Debevoise & Plimpton LLP has won an important motion to dismiss ruling on behalf of the James Beard Foundation (JBF) in a case relating to its tagline, GOOD FOOD FOR GOOD. The ruling dismisses JBF’s opponent’s effort to cancel JBF’s trademark registrations in its tagline. The firm is representing JBF on a pro bono basis.
JBF first developed the tagline in 2018 as a perfect way to encapsulate its mission of championing a standard of good food anchored in talent, equity and sustainability. Unfortunately, two other parties were already using that trademark – a chef in San Francisco who used it for his charity and a condiment company in Canada that had just began to use the same name for its products. The firm helped JBF acquire the chef’s rights to register GOOD FOOD FOR GOOD as a trademark in the United States Patent and Trademark Office (USPTO), and resolved its dispute with the condiment company by also acquiring the condiment company’s trademark and licensing it back for use on condiments.
Having secured its rights in the slogan GOOD FOOD FOR GOOD, JBF was distressed to learn in 2020 that a Florida charity, Epic-Cure, adopted a very similar slogan – GOOD FOOD FOR GOOD PEOPLE – and was seeking to register that mark in the USPTO. When the parties were unable to resolve their dispute, Debevoise filed a notice with the USPTO opposing the registration of Epic-Cure’s trademark.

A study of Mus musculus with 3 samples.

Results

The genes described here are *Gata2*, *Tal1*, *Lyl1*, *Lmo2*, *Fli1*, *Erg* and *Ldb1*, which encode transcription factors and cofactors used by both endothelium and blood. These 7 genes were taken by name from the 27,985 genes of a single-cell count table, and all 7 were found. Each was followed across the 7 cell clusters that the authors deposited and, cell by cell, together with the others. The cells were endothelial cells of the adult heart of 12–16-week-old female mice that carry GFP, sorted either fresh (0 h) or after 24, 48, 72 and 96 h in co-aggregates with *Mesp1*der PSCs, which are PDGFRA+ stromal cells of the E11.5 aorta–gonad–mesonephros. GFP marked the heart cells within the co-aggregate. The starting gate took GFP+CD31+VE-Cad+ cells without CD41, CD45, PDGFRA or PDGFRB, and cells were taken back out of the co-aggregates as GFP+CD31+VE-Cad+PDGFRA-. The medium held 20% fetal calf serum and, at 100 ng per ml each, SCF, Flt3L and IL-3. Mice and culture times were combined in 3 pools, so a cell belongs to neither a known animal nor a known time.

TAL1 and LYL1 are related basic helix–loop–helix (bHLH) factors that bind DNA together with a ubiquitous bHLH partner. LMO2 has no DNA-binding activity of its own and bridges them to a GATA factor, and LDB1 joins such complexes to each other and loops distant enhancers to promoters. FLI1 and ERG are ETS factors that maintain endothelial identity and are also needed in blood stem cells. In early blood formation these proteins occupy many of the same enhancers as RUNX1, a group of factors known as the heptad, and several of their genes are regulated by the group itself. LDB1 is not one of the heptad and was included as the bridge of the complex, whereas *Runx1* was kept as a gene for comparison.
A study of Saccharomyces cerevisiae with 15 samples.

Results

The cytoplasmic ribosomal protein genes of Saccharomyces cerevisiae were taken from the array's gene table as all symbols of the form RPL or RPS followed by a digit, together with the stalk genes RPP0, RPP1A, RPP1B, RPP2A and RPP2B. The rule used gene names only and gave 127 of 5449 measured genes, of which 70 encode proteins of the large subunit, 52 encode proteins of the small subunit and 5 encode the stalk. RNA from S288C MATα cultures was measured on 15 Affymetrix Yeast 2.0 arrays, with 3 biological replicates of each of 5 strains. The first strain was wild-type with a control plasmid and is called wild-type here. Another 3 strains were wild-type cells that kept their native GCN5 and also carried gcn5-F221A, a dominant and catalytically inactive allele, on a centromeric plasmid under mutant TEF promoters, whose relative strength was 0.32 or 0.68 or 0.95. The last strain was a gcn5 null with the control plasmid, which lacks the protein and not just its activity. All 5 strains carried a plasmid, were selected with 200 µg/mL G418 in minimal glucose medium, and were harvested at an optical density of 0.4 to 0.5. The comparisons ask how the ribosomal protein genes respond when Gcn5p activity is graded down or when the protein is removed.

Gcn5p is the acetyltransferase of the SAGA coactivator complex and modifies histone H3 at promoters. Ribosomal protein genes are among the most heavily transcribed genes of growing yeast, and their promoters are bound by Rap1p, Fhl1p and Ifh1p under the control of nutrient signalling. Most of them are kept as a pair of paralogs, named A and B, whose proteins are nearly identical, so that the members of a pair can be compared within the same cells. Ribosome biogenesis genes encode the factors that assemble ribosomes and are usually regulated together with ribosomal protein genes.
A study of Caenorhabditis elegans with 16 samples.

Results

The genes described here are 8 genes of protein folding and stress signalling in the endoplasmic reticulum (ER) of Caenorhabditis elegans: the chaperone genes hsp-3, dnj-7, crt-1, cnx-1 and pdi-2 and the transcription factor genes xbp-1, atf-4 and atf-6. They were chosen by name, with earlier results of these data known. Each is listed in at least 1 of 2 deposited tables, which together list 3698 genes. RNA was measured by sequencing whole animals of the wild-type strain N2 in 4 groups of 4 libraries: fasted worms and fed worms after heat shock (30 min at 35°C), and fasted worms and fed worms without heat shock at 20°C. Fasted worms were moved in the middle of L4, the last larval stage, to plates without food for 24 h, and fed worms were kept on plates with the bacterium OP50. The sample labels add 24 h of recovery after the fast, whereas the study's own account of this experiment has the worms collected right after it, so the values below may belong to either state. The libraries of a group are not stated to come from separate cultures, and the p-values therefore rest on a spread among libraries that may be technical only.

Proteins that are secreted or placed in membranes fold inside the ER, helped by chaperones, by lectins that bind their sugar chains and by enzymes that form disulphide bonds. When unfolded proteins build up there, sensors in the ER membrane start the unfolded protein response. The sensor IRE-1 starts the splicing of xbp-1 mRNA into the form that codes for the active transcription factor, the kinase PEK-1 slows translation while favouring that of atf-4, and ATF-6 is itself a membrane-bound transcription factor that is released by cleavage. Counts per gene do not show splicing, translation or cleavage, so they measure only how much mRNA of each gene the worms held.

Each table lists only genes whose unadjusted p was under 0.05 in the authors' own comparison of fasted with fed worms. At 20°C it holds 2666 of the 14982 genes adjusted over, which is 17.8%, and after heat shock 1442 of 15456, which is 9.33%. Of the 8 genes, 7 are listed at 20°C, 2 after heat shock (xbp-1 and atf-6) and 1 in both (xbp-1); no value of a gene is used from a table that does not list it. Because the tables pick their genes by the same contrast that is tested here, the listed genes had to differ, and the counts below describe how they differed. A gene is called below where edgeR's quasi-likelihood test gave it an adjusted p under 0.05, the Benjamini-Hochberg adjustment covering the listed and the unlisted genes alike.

Epic-Cure responded with an aggressive set of counterclaims, in which it sought to cancel JBF’s trademark registrations for GOOD FOOD FOR GOOD on a variety of grounds, including fraud, abandonment, and failure to identify the proper owner. Epic-Cure also asserted six affirmative defenses, including fraud, unclean hands, laches, estoppel, acquiescence, and failure to state a claim. This challenge created the risk that JBF might lose the very trademark rights it sought to enforce, and could wipe out JBF’s years of work around its new tagline.
On March 4, the Trademark Trial and Appeal Board (TTAB) granted Debevoise’s motion to dismiss all of Epic-Cure’s counterclaims, and most of its affirmative defenses. The TTAB foreclosed Epic-Cure’s ability to replead most of its counterclaims, holding that various of Epic-Cure’s claims were “speculative and not plausible” and based on “a nonexistent requirement.” In addition, although motions to strike are generally disfavored, the TTAB struck all but one of Epic-Cure’s affirmative defenses, holding that one of Epic-Cure’s key arguments was “not well-taken.”
The Debevoise team was led by litigation partner David Bernstein and included associates Kate Saba and Marissa MacAneney. A broader team including IP Legal Assistant Harriett Sasso contributed to earlier parts of the project to secure JBF’s trademark rights or oppose Epic-Cure’s efforts to misappropriate JBF’s trademark.